Desert TheatreWorks White Christmas

Dreaming of a “White Christmas”

Desert TheatreWorks honors veterans during a special opening-day showing of this feel-good holiday production.

Jessica Dickerson Arts & Entertainment, Current Digital

Desert TheatreWorks White Christmas

As the holiday season rolls around, familiar Irving Berlin carols are bound to get stuck in your head — namely the title song from the 1954 flick White Christmas. This month, the Indio performing arts group Desert TheatreWorks puts on a live-action version of the musical. It kicks off Dec. 10 with a special opening-day celebration in which veterans have been invited to sing along to that snowy classic onstage alongside the actors.

The heartwarming Christmas tale follows singers Bob Wallace and Phil Davis on a trip to Vermont. With plans to perform with sister act Betty and Judy Haynes, the two men run into their World War II commander, Gen. Waverly. After discovering Waverly’s countryside inn is having financial troubles, they decide to throw a big stage performance to help rescue the property.

Desert TheatreWorks honors this feel-good Berlin tale by inviting veterans to sing the “White Christmas” carol with them during the opening performance, Dec. 10 at 2 p.m. Seventy-two seats will be reserved for designated veterans who would like to join in on the carol. (USO veterans wishing to participate should contact Desert TheatreWorks communications coordinator Cydney Krone directly for tickets. For contact information, visit

The play then runs from Dec. 13 to 22.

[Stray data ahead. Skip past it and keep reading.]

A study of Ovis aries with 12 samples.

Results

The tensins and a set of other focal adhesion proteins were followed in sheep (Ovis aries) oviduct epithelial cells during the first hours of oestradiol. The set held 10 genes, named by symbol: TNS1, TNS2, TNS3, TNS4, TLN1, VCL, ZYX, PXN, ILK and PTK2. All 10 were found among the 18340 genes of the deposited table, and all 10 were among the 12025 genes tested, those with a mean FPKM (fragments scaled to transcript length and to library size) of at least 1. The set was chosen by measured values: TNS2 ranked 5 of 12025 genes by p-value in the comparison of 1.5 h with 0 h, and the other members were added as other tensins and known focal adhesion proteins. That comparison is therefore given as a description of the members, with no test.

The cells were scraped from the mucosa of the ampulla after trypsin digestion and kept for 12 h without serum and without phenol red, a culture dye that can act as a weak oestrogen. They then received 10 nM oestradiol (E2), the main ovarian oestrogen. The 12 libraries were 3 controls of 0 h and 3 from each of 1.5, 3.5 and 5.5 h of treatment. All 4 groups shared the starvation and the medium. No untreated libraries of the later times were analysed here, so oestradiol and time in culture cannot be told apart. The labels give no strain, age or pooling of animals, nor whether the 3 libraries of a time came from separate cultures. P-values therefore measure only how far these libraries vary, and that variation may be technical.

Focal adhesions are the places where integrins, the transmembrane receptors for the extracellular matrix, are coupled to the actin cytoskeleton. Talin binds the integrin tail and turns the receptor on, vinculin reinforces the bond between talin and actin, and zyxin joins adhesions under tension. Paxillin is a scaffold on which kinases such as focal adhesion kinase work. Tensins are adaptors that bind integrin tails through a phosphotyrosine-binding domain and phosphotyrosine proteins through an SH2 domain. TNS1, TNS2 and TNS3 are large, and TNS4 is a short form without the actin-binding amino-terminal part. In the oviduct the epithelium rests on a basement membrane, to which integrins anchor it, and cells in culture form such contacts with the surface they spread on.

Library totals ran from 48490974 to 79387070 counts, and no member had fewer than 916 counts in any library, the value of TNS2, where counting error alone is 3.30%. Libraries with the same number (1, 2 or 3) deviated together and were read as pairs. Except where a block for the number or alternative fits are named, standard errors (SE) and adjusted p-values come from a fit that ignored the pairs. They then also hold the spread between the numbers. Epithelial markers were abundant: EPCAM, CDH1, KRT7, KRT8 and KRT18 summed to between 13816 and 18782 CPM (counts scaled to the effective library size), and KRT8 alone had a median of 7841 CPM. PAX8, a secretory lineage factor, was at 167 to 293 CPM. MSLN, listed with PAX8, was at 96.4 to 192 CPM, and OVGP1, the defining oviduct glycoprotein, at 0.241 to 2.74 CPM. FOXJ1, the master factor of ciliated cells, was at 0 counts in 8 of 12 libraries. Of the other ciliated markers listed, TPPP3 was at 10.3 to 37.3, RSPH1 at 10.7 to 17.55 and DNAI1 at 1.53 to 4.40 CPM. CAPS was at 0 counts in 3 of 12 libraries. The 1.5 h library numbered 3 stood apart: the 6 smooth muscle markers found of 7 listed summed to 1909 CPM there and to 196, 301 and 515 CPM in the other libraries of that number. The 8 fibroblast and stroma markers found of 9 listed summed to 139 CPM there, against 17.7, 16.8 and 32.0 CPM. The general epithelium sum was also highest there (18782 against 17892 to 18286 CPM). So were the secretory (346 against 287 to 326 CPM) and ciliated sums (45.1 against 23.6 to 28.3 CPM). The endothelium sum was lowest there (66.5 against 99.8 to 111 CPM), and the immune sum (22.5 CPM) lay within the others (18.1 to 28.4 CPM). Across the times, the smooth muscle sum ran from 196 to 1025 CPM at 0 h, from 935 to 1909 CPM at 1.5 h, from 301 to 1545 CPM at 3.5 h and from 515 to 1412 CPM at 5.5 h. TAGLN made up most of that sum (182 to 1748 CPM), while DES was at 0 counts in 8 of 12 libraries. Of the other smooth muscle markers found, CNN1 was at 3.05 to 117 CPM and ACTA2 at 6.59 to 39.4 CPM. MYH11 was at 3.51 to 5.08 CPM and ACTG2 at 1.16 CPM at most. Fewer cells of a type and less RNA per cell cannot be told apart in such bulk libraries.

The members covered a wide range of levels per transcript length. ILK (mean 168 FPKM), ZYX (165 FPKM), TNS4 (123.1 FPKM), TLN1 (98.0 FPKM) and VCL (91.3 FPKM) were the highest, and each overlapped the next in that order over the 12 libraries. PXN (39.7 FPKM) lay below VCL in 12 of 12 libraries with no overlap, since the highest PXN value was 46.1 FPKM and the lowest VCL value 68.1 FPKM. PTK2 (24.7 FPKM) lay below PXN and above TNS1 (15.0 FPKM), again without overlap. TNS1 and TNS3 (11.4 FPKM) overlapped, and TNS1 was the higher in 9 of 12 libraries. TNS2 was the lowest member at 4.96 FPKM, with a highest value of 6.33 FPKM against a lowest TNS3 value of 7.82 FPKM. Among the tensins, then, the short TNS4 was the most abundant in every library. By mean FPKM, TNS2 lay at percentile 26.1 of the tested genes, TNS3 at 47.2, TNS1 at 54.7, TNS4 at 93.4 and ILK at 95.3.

We caught up with Krone to hear more about what makes this production so special.

Desert TheatreWorks, Indio

For those not familiar, tell us a little bit about the play’s story.

A lot of people are familiar with the movie, but not a lot have seen the onstage musical. Betty, Judy, Phil, and Bob plan a Yuletide musical extravaganza that puts Gen. Waverly and his business back together. There’s also a love story that flows throughout the story as well. Gen. Waverly and Martha, who runs the inn, have this sort of love story. Judy and Phil are flirty as the younger, more energetic couple. Bob and Betty are more reserved as the older siblings of sorts.

How did Desert TheatreWorks get involved with this White Christmas story? Whose idea was it to invite the USO?

Lance, our artistic director who chooses the shows, has always wanted to do White Christmas. Me and my CEO, Ron Philips, came up with the idea of inviting the USO to the opening performance, and that sparked the idea. I had the idea of doing spotlight stories of every performance, depending what the story is about. When I [suggested] for White Christmas, we should highlight a veteran in town, the idea sparked of, “Why don’t they sing onstage with us and sing “White Christmas”? Our tagline at Desert TheatreWorks is that we are a family, but our audience is just as much a family. That was my thought, and that it would also be really great for the audience to see. Just as people like to see professional performances, I think a lot of people enjoy Christmas carols because everyone is singing. The show highlights the troops, but also, normal people singing a Christmas carol brings a warm holiday feeling.

Why was it important to Desert TheatreWorks to honor and include veterans? 

I think it’s really important to give veterans a center of community. They are around people who don’t understand what they’ve been through. Shared spaces with veterans, where they can all be together, is important. It also feels crazy to not have veterans there, as it’s a show that honors them. They deserve to be there.

What would you say is the original message behind the story of White Christmas?

It’s a classic Christmas show that everyone wants to see. You have the couple that everybody’s rooting for, and everyone wants to get back together, but they have baggage. Then you have the older couple. It really has that ’50s Hollywood [vibe]. I feel like it represents everybody that somebody can grasp onto. The older people can see older people and have some love going on. Then the more damaged people who have been hurt. Then the goofy people. It feels like everybody has a place in the story.